Technology has produced a brave new world without physical boundaries, few rules and unprecedented risks. Our collective sense of security has deteriorated rapidly in recent years and that trend will continue through 2012. As much as technology has provided great opportunity and enrichment, our dependence on it has produced some less favorable results such as those I wrote about recently. Some aspects of our personal and professional lives are now more complicated and risky than ever before and it is likely to get worse before it gets better.
Until recently, most technology has delivered instant gratification with little regard for incorporating security mechanisms and development practices from the start. That lack of focus on safety in favor of speed and convenience started to fade in the past few years yet there are still security and safety risks in countless products to the delight of hackers and criminals or insiders seeking revenge or to make a quick profit on selling secrets. A perfect example of this was the shift from Windows XP to Windows Vista. Vista was built to be far more secure than its predecessor but some have argued it went too far.
The problem here is that security needs time to work backwards towards the foundation to plug all the holes. Constant software patching and updates are a part of everyday life and is emblematic of the state of security. Every decision that brought a product to where it is today needs to be revisited to uncover original flaws as well as adapt to new threats such as social engineering and rogue insiders. Another major problem that exists is that so many networks and systems are poorly configured or not even managed at all leaving them open to exploitation while understaffed and sometimes undertrained IT staff struggles to keep up. What we have here is a gap between what is secure and what is not and I expect it will be years before most systems and technologies are very secure from the foundation and human threats can be mitigated effectively.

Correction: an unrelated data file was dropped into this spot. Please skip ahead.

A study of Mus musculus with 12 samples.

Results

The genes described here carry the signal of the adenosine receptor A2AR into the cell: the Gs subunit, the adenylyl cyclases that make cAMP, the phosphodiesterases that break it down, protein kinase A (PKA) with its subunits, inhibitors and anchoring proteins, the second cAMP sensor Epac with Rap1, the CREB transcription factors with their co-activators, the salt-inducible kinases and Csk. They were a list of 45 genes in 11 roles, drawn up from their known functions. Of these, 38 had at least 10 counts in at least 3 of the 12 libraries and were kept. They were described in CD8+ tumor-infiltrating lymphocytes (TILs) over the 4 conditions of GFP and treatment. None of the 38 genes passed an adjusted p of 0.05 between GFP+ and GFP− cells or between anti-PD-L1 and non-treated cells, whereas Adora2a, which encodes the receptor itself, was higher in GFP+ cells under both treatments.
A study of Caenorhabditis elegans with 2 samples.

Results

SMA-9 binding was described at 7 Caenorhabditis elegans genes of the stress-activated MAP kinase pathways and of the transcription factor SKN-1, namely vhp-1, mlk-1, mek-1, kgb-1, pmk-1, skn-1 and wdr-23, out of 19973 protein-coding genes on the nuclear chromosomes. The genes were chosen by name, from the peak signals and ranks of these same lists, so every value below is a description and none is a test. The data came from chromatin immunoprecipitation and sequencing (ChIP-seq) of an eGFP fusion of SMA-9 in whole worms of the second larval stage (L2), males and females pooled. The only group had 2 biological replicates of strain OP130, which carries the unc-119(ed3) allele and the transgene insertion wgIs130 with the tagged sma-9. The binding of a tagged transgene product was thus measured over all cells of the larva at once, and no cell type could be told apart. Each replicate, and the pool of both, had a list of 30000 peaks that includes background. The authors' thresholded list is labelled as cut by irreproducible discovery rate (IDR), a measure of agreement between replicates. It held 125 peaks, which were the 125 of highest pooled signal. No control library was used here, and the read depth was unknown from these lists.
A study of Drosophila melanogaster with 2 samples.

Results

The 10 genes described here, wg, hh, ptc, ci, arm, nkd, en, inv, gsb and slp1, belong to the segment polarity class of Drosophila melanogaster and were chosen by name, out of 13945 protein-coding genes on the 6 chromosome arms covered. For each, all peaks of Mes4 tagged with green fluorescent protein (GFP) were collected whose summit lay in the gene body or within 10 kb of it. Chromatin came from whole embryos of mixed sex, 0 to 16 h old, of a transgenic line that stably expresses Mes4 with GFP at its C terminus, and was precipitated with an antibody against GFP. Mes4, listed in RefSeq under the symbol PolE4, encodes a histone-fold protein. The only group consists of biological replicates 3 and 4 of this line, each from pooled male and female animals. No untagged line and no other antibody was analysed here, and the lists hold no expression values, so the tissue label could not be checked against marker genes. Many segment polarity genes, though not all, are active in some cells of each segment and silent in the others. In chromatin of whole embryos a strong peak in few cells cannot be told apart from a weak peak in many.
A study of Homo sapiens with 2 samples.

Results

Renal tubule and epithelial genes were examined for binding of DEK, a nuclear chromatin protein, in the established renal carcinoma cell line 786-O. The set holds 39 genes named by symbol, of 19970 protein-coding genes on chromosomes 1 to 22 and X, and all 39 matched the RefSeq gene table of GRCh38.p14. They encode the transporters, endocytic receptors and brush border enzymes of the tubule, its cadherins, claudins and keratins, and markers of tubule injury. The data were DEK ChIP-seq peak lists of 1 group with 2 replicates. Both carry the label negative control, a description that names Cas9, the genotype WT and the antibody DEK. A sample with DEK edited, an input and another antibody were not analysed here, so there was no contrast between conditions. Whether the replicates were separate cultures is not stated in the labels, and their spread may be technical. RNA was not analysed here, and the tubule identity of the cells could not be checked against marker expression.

In this gap fits change auditing. Change auditing, unlike security measures and practices, is already all grown-up. It doesn’t have to mature because change auditing simple is tracking every change that takes place and condense that information so that someone in charge can see what’s going on. Where needed, actions can be taken to improve defenses and detect things like rogue users tampering with data they shouldn’t. Where security fails, change auditing succeeds.
NetWrix’s AuditAssurance™ technology is at the forefront of change auditing because it allows the administrator flexible implementation without taking a performance hit while collecting concise change detail in a human readable format. What makes our technology even more exciting is that it captures and stores audit information from separate and multiple sources so that detail is complete and near impossible to clear by a rogue admin while also stored in two repositories physically separate from the resources being audited. We’ve built integrated tools for Active Directory, Group Policy, Exchange, File Servers, Windows Servers, SQL, SharePoint, EMC Celerra, NetApp Filer, as well as include our storage, reporting, and AD restore functionality. If you are looking to bridge this gap while security continues to mature, take a look at the NetWrix Change Reporter Suite today.